May 23, 2013
Drink Your Ovaltine: Encryption 101
When it comes to cryptography, there are no experts. It is considered to be a constantly evolving field. If you started learning today, it is accepted that you might see something new in the code, or do something better that lifelong cryptographers have missed.
The first thing that comes to mind when I think of encryption, is the scene in A Christmas Story when Ralphie gets a decoder ring and decrypts a disappointing (advertising) message:
But at its basic level, this describes encryption. You probably even had similar games you made up as a kid. In the computer world, this means converting plaintext data (ordinary info) into ciphertext, or unintelligible text.
1) Symmetric Password-Based Encryption
This is the simplest encryption system. It’s called “symmetric” because the same key is used to encrypt and decrypt the file. If Alice wants to share data privately with Bob, she must first create an encryption key. This can be done by sampling a sufficiently random source, or by deriving it from a password. Alice must securely give this key to Bob. Now Alice can encrypt her data with that key, hand the encrypted data to Bob, and Bob can use the key to decrypt it. This method is useful to encrypt sensitive information for yourself, for family, or for a few trusted friends or coworkers. AES is a popular symmetric cipher.
2) Asymmetric Public/Private Key-Based Encryption:
Asymmetric encryption involves the use of two different keys, one which is private and not shared, and one which is public. The public key encrypts data, and the private key decrypts data. With this scheme, Alice and Bob each have their own private/public key pairs. Alice now uses Bob’s public key to encrypt the data she wants to send to him. Because only Bob has his private key, only he can decrypt the data Alice sends him. Asymmetric encryption takes more computer power than symmetric key encryption, so it is often used to set up secure communications to exchange symmetric keys. RSA is a popular asymmetric cipher.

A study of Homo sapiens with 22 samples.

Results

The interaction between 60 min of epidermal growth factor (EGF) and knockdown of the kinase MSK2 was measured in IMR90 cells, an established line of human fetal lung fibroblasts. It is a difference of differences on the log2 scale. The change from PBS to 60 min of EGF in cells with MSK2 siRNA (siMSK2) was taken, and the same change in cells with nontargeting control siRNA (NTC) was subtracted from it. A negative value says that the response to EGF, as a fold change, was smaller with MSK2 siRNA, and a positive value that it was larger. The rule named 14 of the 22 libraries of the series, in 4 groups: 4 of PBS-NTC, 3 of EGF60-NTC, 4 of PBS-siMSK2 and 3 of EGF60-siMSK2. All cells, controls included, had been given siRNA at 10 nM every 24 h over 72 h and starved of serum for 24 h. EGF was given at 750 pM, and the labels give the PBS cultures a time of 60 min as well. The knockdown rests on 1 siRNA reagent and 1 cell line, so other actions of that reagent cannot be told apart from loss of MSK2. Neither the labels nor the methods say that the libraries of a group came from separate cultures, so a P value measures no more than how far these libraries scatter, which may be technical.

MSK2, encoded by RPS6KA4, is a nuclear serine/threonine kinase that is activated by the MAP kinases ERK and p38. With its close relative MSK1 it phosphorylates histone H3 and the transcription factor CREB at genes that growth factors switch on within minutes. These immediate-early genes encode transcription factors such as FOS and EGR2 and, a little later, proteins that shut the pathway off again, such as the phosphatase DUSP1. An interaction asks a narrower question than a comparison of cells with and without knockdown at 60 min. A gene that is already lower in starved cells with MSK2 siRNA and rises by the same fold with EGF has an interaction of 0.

As for SpiderOak, our old clients used a combination of 2048 bit RSA and 256 bit AES. Now new clients use 3072-bit RSA combined with 256 bit AES to meet industry recommendations. We use this mixture of techniques where each is best suited: asymmetric encryption for communications channel setup and key exchange, and symmetric encryption for internal data structures and improved client performance.
Not only are your files encrypted with SpiderOak, but so are the filenames and paths. Our Engineering Matters page does a good job of explaining in detail how we encrypt your data after the initial scan, and our servers have zero-knowledge of what they are storing. Next week our system administrator will talk about why we went this direction, as well as why encryption doesn’t necessarily mean privacy or safety.
Jon Callas is one of the world’s most respected and brilliant minds when it comes to software security and privacy. He worked on Apple’s Whole Disk Encryption, PGP Universal Server, co-founded the PGP Corporation, is former CTO of Entrust, and current co-founder and CTO of our friends, Silent Circle (Global Encrypted Communications). As an inventor and cryptographer, his designs of security products have won major innovation awards from The Wall Street Journal and others. If you are interested in learning cryptography, we recommend reading his PDF, An Introduction to Cryptography.
(Teaser: Our community gets the opportunity to interview Jon, so we will make a call out for your questions later this week – be thinking of what you’d want to ask him!)
What else would you say about encryption? How did you learn? Why do you think it is important?